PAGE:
Monday, February 04, 2008

Sharpening Wood Turning Tools (2)

As Derek was saying (see his site by the way at Seafoam Woodturning )The motions used in freehand sharpening are similar to those we use in turning. For instance, to sharpen a roughing gouge one

  1. presents the tool resting on the grinder table (that rest in front of the wheel) with the flute up and the tool not yet touching the wheel.

  2. if right handed the handle is held in the right hand against the right hip

  3. the left hand steadies the tool on the grinder table

  4. raises the handle until the heel of the bevel touches the wheel gently and a hair more until sparks move over the edge

  5. roll the tool to the right as sparks move over the edge

  6. roll the tool to the left as sparks move over the edge

In theory the tool has moved through the same motions as cleaning a fine shaving right and left. The sparks coming over the edge indicate that a sharp edge has been formed and you are ready to turn.

In reality I find this is the time turners move the tool in wide arcs as they inspect the edge for sharpness and for facets on the bevel. If you are unsure of your sharpening enough for this to happen, you will likely consider

  1. the edge not good enough

  2. too many facets on the bevel

  3. the angle has changed

and back to the grinder you go until you have really messed things up or give up in disgust and go to the work anyway and find the edge works fine, but could have been better.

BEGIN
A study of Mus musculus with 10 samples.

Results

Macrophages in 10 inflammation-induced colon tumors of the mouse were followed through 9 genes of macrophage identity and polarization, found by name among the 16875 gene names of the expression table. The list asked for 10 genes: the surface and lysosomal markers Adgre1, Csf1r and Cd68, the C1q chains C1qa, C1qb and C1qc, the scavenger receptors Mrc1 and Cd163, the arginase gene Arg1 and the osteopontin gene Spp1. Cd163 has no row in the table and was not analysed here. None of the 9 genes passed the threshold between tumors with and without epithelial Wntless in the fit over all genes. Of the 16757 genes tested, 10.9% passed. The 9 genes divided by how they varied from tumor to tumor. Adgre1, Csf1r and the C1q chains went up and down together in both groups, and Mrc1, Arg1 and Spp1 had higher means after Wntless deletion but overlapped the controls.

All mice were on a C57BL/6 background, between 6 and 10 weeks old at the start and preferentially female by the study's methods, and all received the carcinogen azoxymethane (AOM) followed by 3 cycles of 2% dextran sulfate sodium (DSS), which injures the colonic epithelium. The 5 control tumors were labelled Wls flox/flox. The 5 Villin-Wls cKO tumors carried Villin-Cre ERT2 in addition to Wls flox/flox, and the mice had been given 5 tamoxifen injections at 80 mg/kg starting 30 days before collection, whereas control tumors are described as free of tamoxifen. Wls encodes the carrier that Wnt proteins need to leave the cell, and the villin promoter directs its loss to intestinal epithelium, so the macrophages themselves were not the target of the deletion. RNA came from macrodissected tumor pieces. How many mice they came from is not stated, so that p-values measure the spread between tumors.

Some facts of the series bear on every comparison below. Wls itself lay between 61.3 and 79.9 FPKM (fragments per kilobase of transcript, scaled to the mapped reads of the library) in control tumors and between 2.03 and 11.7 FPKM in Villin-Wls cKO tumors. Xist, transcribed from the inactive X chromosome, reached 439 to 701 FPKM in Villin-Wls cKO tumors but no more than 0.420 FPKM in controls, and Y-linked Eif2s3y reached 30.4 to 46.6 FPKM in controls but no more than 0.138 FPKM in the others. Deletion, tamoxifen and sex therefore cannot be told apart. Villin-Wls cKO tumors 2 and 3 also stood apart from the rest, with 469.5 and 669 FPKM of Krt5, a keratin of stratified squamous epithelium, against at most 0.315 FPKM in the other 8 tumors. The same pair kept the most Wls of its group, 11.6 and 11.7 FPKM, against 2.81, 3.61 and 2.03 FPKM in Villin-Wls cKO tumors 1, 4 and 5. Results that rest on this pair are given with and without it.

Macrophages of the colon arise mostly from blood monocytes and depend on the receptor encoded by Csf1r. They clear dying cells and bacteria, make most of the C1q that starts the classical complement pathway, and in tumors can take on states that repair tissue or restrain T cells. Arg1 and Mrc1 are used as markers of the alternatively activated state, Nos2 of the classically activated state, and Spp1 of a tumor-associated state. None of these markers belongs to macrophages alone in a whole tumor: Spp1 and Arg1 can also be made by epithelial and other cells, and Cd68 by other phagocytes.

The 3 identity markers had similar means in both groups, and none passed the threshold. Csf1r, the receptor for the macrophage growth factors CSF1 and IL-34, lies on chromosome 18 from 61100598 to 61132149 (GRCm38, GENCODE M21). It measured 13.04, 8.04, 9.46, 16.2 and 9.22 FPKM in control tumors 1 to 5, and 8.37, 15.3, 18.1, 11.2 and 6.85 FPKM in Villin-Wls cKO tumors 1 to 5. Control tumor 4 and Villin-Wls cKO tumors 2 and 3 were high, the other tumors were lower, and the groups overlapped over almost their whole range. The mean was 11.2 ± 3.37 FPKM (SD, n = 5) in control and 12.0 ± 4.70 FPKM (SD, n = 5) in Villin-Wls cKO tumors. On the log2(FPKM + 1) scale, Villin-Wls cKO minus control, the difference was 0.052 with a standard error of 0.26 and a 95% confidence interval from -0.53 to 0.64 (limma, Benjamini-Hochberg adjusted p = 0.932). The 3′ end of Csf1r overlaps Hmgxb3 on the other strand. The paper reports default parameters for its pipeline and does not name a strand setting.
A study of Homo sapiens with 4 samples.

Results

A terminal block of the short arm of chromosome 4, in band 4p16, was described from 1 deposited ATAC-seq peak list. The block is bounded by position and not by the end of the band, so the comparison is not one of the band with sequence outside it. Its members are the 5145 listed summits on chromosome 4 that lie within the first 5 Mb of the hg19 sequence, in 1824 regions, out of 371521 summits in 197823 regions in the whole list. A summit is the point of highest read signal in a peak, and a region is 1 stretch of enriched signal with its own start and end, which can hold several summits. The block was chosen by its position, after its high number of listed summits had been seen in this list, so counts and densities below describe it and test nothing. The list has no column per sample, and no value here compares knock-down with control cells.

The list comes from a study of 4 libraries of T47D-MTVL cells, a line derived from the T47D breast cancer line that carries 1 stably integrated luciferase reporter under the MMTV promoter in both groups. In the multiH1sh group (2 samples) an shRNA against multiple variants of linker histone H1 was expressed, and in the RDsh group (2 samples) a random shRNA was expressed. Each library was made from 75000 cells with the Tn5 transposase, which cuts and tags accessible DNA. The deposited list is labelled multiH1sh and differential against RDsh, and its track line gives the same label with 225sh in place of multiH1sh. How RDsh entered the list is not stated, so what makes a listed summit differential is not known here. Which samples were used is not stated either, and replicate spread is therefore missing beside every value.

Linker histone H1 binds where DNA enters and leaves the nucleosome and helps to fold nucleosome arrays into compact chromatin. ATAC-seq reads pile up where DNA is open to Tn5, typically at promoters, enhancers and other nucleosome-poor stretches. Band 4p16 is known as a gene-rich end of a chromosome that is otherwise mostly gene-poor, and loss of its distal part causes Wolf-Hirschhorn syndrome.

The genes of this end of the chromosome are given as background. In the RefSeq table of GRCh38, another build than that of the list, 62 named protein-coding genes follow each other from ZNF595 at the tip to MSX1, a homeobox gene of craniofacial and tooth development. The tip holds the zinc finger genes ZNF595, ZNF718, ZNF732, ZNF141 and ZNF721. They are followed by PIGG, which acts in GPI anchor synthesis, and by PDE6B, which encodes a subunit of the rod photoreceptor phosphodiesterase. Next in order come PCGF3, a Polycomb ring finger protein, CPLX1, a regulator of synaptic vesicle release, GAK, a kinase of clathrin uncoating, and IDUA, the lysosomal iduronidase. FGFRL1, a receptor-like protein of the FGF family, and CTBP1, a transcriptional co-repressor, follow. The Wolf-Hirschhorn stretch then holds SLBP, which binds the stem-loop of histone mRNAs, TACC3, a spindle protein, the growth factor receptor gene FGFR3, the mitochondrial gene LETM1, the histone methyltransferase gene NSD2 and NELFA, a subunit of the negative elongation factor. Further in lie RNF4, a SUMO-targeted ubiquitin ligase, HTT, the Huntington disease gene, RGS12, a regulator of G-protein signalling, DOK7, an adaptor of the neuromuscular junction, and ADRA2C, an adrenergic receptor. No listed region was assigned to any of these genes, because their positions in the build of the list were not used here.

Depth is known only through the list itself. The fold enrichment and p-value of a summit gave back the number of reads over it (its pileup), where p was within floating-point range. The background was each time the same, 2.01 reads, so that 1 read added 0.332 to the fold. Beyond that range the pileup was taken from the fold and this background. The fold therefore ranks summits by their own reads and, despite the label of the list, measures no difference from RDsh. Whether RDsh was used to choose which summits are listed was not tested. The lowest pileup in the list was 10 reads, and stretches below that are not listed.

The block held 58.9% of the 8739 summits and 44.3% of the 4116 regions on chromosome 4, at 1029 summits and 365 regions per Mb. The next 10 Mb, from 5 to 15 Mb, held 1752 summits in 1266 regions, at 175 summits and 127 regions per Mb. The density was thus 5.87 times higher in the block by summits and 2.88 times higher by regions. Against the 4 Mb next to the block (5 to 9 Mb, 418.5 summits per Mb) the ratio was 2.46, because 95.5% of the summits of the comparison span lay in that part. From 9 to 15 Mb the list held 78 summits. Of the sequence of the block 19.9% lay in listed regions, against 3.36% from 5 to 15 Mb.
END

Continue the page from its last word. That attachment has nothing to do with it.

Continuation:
One of the big problems is simply you moved before returning to the wheel. The practice is sound but it needs practice. Try a couple of things.

  1. practice the motions with the grinder off. Feel the bevel on the wheel and do it several times. So it takes a few minutes; hopefully you are going to do this for the rest of your life.

  2. ignore the facets. No one else will see them and they will not really affect the final cut no matter what the jig using people like me say.

  3. ignore the angle. You have not likely changed it enough to matter. A degree or so is not the damage most people think. If you are off five degrees or more you really need a coarser wheel to reshape it and that is another subject.

  4. most important of all, do not move your hands from their anchor as you look at the edge. The left stays on the tool shaft and the right on the handle at your hip. That way you become the jig and the tool returns to the same place each time

I hope this helps. More thoughts to come.